An eight-bedroom house in west London, constructed with a ground floor beneath two circular towers and connected by a staircase ‘bridge’. There’s an entrance hall, WC, kitchen-diner, living room and office on the ground floor. The first tower has a bedroom, shower room and utility room on the first floor, and the main bedroom suite, with a shower room and separate WC on the second floor. The other tower has three bedrooms and a bathroom on the first floor and a further three bedrooms and bathroom on the second floor. Each tower has a roof terrace and garden and there’s also a courtyard garden with an outdoor swimming pool on the ground floor.


The property’s curved towers are linked by an external covered staircase – the bridge – to avoid blocking out light from the neighbours. The radical shape has turned the house into a talking point.



Despite the serious materials and design, there’s a whimsy to this west London property, thanks to the three-metre firefighter’s pole descending into the kitchen and the children's slide that run alongside the staircase.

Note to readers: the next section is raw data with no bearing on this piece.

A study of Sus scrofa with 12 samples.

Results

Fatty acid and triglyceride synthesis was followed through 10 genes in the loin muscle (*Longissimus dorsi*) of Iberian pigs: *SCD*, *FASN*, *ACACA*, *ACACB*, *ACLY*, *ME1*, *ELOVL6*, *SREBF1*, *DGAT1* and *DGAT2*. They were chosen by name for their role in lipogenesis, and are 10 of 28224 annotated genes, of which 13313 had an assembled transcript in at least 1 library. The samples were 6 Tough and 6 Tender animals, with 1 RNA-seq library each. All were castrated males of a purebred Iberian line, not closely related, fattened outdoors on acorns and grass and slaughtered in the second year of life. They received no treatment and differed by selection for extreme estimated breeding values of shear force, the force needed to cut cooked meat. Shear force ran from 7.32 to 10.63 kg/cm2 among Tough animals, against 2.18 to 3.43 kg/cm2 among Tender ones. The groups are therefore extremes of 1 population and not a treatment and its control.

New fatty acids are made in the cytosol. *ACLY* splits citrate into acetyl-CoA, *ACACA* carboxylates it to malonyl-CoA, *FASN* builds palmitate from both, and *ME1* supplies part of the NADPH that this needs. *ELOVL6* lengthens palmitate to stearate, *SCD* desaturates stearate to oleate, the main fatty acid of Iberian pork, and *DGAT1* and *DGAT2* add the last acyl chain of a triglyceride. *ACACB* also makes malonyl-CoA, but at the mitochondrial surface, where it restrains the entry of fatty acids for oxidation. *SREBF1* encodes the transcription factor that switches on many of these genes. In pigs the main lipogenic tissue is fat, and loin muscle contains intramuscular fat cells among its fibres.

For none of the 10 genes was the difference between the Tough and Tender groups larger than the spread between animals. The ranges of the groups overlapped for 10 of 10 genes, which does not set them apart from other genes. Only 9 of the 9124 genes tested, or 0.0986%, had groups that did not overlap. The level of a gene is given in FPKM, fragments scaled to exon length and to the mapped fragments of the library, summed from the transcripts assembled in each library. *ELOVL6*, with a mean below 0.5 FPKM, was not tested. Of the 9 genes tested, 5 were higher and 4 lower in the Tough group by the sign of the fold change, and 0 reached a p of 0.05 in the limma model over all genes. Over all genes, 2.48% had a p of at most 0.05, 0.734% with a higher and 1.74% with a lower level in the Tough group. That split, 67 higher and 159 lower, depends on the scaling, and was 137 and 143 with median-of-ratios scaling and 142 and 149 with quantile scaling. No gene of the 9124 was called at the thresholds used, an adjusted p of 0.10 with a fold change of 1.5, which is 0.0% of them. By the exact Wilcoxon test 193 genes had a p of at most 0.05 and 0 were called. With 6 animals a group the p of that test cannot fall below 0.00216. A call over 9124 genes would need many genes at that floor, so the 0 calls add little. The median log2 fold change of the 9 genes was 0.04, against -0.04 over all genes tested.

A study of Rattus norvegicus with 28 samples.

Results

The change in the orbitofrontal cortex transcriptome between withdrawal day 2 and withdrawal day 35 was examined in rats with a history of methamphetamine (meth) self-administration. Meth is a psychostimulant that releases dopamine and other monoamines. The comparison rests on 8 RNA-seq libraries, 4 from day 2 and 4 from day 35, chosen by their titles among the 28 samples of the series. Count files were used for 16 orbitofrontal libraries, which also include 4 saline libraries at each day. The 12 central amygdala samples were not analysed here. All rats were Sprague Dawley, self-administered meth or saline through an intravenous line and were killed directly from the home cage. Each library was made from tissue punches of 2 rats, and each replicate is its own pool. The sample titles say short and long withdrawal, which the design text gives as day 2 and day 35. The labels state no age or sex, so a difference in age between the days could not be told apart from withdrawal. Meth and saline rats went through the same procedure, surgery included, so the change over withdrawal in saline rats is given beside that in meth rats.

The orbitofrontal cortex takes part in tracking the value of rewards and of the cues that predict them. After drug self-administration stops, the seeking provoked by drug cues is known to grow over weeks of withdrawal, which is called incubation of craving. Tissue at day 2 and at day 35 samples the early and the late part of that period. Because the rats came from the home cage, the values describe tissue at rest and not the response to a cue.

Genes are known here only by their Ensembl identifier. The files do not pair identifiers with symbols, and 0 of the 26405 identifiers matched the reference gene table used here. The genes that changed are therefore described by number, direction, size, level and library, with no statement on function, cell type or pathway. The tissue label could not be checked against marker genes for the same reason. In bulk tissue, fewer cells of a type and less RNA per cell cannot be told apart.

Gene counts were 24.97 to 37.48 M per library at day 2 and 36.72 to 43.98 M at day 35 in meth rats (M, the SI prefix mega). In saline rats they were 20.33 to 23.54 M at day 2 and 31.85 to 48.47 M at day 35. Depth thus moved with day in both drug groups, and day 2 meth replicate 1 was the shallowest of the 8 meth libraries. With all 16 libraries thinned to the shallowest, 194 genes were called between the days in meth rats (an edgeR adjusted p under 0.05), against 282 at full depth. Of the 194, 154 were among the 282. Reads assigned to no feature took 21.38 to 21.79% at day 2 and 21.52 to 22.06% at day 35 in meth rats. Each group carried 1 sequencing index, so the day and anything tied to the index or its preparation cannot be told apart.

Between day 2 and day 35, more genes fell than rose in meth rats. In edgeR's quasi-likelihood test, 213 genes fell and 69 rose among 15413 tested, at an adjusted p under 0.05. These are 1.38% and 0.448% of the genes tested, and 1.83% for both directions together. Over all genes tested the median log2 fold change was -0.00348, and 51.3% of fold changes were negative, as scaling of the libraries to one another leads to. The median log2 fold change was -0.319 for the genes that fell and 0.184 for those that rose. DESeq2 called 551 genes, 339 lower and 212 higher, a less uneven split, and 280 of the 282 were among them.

But there is nothing kitsch to see here. Pale wood floors, bare plaster walls and a series of organic spaces give it a softness and serenity. It’s meditative, despite being a family home.


The owners of this property installed a slide on the inside of the staircase, offering a fun – and quick – way down.


Each artwork has been painstakingly sourced. The shapes of the house are organic, with every curve and corner functioning as part of a whole.

Get the look: The Love artwork is by Harland Miller. The chair was an antique find.


The curved wall of the family bathroom nods to the property's organic shapes but was also created for practical reasons – the property needed to fit into a tight space between existing houses.


The bedroom sits in an oval tower, so the furniture curves into the space, being gently hugged by the walls.

The porthole windows in the bedroom add to the ocean-liner look.